Carlsbad beach cleanup still needs volunteers

CARLSBAD — Keeping its beaches clean is a priority for the city and state.

The city is looking for volunteers for the 32nd annual California Coastal Cleanup Day from 9 a.m. to noon Sept. 17 at Tamarack State Beach, according to a press release from the city.

Volunteers are urged to bring a 5-gallon bucket, work gloves and a reusable water bottle. The city, however, will provide gloves, trash bags and water cups, but recommends individuals bring their own to prevent further waste.

They will not only pick up trash, but also collect data on types of trash and debris found. This data is used to educate the public, businesses, industries and government on pollution prevention.

Volunteers can register online (cleanupday.org) by clicking on the map for the cleanup at Tamarack State Beach or any other registered sites. All volunteers are required to sign a waiver to participate, and participants under 18 must have a waiver signed by a parent or guardian. The waiver form is available on the website or at the event.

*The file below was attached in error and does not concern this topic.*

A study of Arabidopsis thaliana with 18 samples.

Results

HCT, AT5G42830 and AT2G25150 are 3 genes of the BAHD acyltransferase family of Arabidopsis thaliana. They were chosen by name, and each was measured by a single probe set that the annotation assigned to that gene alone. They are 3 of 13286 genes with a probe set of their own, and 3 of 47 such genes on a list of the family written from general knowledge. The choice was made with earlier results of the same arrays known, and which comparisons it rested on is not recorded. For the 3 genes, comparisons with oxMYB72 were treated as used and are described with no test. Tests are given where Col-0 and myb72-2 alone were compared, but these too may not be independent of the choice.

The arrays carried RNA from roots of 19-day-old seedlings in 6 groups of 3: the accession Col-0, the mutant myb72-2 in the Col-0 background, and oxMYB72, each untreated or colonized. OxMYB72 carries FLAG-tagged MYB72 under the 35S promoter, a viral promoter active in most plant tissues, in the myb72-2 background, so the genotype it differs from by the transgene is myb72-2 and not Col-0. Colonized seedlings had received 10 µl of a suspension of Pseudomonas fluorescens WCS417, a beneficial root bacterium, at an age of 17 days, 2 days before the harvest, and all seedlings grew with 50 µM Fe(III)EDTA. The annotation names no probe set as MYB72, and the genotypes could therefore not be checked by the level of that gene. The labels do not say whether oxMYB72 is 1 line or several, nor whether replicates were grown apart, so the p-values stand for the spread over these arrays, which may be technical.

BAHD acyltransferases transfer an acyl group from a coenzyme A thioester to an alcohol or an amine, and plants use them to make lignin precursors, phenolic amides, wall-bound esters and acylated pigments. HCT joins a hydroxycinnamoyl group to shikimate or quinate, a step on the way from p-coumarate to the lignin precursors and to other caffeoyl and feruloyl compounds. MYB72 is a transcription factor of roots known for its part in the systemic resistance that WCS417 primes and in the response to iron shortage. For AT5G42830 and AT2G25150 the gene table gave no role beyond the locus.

California Coastal Cleanup Day is sponsored by I Love A Clean San Diego and is part of the larger International Coastal Cleanup Day. The cleanup includes events at more than 100 locations throughout San Diego County, including several sites in Carlsbad.

“The city of Carlsbad has participated in this cleanup event for over a decade. It’s a great way to engage our community and protect our creeks, lagoons and ocean,” said James Wood, acting environmental manager for the city. “Beaches and creeks provide recreation and habitat, which are central to the Carlsbad way of life.”

In 2015, 100 volunteers removed more than 800 pounds of trash and recyclables from two miles of Buena Vista Creek. The most common forms of trash found are cigarette butts, plastics and Styrofoam, which are not biodegradable.

Some of the trash and debris is left by beach-goers, Wood said, but it can also travel to the beach from inland communities through the storm drain system. Rainwater and urban runoff transport pollutants into local creeks, lagoons and the ocean.

“The cleanup is a great way to not only enjoy our beaches and creeks, but also to do our part to keep them beautiful,” he said.